Rutger Hauer’s Blade Runner speech on tears in rain – great sci-fi moments number three

THIS may very well be the greatest sci-fi moment of all.

The film itself is a massively influential masterwork, but these few moments are just breathtaking as after raging so hard against the dying of the light, Roy Batty accepts his fate but decides to save another’s life, if he cannot save his own.

Hauer always brings a deceptive stillness to his best work and that is never more evident than in the measured delivery of his lines to Harrison Ford.

The best thing about the scene is the now-famous story about Ridley Scott struggling to end it, and Hauer coming up with the dialogue in his trailer in a few minutes.

Is it true? I don’t care, and I have no idea beyond my fevered imagination what attack ships on fire off the shoulder of Orion look like, or C-Beams glittering in the dark at the Tannhauser gate, yet coming from Hauer’s noble killing machine, they sound epic, dramatic, awe-inspiring.

The last line, about those moments being lost like tears in rain, still makes me shed a few myself every time I watch it. It is poetry – pure and simple.

He has had a fine career outside of Blade Runner – even if he did drop off the radar for a while – but it is for this Rutger Hauer will be remembered and rightly so.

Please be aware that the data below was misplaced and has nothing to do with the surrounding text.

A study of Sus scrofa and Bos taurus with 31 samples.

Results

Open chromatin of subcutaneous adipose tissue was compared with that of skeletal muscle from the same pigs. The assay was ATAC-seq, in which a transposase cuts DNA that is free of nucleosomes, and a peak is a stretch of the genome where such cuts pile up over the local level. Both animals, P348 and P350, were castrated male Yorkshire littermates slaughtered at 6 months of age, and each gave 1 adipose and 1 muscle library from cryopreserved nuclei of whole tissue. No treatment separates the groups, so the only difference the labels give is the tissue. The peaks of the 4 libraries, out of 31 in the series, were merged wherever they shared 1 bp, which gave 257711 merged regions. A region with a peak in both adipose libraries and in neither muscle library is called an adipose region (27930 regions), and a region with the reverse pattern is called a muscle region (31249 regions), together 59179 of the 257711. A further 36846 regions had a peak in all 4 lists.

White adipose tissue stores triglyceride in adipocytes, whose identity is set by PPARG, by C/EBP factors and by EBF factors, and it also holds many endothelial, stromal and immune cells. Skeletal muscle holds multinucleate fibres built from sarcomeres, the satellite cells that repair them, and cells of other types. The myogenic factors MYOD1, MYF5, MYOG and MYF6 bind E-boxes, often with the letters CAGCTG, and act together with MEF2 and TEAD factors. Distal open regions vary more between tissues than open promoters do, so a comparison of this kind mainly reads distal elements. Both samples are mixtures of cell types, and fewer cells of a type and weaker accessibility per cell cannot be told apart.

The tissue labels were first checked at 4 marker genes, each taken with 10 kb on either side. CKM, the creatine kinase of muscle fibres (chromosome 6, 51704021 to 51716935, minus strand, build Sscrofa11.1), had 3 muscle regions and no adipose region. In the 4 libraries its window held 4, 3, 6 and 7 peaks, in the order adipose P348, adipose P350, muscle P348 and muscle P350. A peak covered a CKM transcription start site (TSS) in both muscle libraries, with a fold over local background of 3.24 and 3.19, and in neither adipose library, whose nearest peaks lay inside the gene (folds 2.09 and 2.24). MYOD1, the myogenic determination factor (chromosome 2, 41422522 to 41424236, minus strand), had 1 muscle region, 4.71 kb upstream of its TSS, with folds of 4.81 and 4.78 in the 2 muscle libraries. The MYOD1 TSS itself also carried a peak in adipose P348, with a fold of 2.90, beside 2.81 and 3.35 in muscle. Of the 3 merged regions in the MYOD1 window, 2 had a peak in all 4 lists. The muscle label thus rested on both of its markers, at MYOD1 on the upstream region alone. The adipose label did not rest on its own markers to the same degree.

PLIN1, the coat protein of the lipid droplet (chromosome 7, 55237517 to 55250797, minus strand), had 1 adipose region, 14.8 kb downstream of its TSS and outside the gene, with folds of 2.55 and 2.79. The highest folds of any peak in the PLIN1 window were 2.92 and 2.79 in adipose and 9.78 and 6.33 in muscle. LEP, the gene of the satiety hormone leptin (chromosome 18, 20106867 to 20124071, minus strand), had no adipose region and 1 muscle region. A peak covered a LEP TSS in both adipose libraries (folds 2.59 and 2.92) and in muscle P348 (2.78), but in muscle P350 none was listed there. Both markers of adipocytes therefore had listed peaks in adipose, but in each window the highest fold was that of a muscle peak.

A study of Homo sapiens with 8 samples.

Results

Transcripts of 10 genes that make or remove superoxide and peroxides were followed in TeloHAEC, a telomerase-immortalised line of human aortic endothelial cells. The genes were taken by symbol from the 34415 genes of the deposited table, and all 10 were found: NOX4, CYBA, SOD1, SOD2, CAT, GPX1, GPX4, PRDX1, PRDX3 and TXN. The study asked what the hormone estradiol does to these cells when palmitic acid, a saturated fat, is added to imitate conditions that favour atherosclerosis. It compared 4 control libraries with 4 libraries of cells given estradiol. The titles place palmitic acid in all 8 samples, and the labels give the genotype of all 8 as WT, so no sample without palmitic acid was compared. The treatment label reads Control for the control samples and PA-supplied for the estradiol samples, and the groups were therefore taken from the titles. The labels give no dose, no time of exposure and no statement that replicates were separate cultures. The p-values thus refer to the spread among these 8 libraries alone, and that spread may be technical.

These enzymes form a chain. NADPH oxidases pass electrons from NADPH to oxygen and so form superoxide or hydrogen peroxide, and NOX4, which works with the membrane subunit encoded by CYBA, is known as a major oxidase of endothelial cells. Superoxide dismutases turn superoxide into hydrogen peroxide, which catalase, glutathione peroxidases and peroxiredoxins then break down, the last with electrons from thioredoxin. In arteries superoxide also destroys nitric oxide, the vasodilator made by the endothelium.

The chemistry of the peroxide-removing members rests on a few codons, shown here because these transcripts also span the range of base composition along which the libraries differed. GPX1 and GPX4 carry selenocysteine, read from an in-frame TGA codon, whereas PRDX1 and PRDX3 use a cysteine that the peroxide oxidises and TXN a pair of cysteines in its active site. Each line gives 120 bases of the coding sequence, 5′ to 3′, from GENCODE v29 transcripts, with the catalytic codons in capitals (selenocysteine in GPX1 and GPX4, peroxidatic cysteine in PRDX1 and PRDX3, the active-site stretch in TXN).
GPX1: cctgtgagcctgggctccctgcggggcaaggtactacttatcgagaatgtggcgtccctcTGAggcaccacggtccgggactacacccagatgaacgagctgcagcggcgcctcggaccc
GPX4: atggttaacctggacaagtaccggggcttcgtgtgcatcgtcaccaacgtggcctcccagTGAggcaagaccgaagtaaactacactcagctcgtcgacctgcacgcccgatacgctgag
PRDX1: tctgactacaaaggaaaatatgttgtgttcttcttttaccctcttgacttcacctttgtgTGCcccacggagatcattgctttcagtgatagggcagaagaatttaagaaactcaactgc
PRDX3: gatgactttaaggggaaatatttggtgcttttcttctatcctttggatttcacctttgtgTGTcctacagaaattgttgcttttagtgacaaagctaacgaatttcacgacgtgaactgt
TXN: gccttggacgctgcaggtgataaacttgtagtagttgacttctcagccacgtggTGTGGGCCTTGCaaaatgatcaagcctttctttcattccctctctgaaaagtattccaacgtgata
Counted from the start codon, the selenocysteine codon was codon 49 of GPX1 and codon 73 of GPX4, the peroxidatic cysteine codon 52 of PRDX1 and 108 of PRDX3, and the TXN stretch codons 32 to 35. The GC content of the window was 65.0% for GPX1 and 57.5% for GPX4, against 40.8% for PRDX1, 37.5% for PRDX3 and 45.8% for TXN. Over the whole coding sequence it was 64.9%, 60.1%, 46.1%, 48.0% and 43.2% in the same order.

3 thoughts on “Rutger Hauer’s Blade Runner speech on tears in rain – great sci-fi moments number three

  • Mr Andrew Cretella

    on

    There has never, before or after, been such a beautiful sci-fi moment. It transcends sci-fi. Some of the best actors have never had such a transcendent moment.

  • Barbara Ash

    on

    i agree with the previous comment. its a beautiful, evocative, memorable speech. after googling it i cant believe its so short but it shows what power it has. one of rutgers finest moments & a very deep moment of the film. it was nice also as it was saying thats what lifes value amounts to – a series of special, intense, personal, undefinable moments……

  • SeaPed

    on

    IMHO, The most haunting moment in cinema. It's at once heart-breaking and terrible and the emotional conflict of watching this machine "die" while feeling as if an actual person was passing gives the scene a transcendent power. I watch it often and marvel at how Hauer didn't overplay or underplay. For him it's that once-a-career moment when everything is just…perfect.